A floating apparatus denoted a temperature probe aquatic suspension system (TPASS) has been developed for measuring the temperature of an ocean, lake, or other natural body of water at predetermined depths. These types of measurements are used in computer models to relate remotely sensed water-surface temperature to bulk- water temperature. Prior instruments built for the same purpose were found to give inaccurate readings because the apparatuses themselves significantly affected the temperatures of the water in their vicinities. The design of the TPASS is intended to satisfy a requirement to minimize the perturbation of the temperatures to be measured.

This Temperature-Probe Assembly floats on a body of water. The metal sleeve at the middle hangs down into the water. Temperature probes are mounted inside the sleeve for measuring temperatures at several different depths.
The TPASS (see figure) includes a square-cross- section aluminum rod 28 in. (≈71 cm) long with floats attached at both ends. Each float includes five polystyrene foam disks about 3/4 in. (≈1.9 cm) thick and 2.5 in. (≈6.4 cm) in diameter. The disks are stacked to form cylinders, bolted to the rod, and covered with hollow plastic sleeves. A metal sleeve is clamped to the middle of the aluminum rod, from whence it hangs down into the water. Temperature probes (which can be thermocouples, thermistors, or resistance temperature devices) are placed within the sleeve at the desired measurement depths. Wires from the temperature probes are routed to the input terminals of a data logger.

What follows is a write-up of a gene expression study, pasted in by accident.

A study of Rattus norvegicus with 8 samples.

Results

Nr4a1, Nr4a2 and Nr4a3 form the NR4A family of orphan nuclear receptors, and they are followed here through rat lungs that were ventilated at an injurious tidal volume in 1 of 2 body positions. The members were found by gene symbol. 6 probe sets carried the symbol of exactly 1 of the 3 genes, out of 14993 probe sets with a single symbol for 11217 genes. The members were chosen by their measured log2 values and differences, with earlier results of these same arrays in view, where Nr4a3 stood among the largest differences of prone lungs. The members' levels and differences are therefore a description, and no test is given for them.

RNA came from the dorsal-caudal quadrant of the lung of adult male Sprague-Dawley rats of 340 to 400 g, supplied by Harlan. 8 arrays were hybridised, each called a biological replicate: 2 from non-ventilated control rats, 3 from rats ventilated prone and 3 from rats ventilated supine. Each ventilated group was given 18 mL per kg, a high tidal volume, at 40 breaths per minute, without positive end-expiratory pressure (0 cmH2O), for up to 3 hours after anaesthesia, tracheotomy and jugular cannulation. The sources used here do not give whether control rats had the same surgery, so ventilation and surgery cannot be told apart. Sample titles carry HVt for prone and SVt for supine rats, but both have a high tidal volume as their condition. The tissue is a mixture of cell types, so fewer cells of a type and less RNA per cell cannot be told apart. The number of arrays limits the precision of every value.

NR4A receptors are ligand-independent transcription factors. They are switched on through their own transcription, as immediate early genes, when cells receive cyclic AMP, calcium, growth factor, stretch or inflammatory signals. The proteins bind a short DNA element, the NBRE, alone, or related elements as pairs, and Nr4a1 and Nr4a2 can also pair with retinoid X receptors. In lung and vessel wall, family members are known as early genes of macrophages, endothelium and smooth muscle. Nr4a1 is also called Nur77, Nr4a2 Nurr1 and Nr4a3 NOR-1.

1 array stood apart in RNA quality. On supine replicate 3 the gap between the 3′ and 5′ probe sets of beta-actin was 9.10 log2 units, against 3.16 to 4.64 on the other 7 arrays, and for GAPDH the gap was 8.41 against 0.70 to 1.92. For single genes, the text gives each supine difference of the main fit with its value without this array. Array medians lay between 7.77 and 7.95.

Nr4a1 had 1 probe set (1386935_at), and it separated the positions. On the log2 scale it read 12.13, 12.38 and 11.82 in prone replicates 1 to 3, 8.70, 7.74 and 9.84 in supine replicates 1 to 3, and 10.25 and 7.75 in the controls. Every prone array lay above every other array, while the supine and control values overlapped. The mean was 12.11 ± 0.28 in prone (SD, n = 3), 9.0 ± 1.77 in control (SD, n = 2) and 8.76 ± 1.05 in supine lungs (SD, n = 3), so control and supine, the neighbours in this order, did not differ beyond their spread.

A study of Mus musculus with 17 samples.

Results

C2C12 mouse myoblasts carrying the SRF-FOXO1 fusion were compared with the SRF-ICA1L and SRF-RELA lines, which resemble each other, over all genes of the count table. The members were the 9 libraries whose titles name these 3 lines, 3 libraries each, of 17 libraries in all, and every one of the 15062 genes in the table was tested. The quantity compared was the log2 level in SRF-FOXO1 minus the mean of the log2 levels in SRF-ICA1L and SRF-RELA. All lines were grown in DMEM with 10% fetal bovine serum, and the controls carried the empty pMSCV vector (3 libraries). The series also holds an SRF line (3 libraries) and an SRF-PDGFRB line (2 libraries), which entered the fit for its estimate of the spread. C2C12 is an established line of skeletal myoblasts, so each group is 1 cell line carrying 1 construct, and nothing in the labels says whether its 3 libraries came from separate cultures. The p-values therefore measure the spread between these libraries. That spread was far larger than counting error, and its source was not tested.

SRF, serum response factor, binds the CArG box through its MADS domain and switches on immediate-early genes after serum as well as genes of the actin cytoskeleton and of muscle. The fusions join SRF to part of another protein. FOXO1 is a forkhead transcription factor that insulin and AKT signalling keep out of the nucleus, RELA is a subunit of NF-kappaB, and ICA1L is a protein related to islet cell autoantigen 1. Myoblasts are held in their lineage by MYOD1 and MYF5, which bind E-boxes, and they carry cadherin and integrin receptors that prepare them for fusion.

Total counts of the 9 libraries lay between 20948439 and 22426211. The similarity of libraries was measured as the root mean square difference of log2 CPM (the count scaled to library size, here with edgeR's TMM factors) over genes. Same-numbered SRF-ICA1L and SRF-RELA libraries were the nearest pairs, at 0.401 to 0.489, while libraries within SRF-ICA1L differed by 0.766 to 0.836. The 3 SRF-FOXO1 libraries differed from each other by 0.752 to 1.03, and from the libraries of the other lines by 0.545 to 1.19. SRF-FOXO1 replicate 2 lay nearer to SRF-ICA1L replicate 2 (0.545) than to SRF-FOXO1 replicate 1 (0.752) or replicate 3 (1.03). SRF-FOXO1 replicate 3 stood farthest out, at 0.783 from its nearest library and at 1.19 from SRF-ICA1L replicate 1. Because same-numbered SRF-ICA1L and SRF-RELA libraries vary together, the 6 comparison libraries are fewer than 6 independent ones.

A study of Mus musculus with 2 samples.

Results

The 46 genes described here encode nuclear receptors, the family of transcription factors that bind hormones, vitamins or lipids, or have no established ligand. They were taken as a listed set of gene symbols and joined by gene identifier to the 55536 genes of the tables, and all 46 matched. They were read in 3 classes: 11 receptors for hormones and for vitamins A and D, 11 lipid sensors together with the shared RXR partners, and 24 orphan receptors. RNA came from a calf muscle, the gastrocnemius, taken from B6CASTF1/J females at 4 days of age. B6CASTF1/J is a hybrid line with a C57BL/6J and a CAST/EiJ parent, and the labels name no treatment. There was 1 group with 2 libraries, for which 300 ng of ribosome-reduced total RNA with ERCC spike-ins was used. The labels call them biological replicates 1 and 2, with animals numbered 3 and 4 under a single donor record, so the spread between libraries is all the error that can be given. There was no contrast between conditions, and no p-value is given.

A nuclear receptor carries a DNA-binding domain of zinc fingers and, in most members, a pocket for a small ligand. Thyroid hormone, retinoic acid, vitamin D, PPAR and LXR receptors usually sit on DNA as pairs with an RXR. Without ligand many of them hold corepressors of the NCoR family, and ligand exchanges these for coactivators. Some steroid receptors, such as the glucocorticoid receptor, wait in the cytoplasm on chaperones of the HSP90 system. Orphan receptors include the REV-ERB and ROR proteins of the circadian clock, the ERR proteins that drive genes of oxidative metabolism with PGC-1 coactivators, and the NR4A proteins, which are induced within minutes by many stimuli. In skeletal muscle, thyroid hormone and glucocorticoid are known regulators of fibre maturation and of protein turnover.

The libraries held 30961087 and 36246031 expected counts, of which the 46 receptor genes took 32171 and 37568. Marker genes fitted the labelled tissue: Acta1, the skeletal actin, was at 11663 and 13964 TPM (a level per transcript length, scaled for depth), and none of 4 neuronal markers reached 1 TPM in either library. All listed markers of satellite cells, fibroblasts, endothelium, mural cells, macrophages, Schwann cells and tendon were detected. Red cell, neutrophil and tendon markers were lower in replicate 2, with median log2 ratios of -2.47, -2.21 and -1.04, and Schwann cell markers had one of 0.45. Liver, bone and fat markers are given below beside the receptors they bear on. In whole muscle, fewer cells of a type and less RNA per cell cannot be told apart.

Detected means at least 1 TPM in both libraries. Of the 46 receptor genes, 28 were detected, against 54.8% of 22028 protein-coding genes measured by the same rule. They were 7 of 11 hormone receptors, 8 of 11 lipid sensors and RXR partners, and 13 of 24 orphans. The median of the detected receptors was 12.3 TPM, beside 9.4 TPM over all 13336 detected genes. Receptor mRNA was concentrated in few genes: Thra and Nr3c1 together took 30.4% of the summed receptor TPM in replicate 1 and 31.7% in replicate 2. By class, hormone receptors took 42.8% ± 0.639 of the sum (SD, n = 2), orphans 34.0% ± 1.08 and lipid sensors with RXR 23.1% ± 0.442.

This work was done by Randy Stewart of Lockheed Martin Corp. and Clyde Ruffin of GB Tech, Inc., for Stennis Space Center. For further information, access the Technical Support Package (TSP) free on-line at www.techbriefs.com/tsp under the Physical Sciences category.

Inquiries concerning rights for the commercial use of this invention should be addressed to the Intellectual Property Manager, Stennis Space Center; (228) 688-1929. Refer to SSC-00136.


NASA Tech Briefs Magazine

This article first appeared in the March, 2003 issue of NASA Tech Briefs Magazine.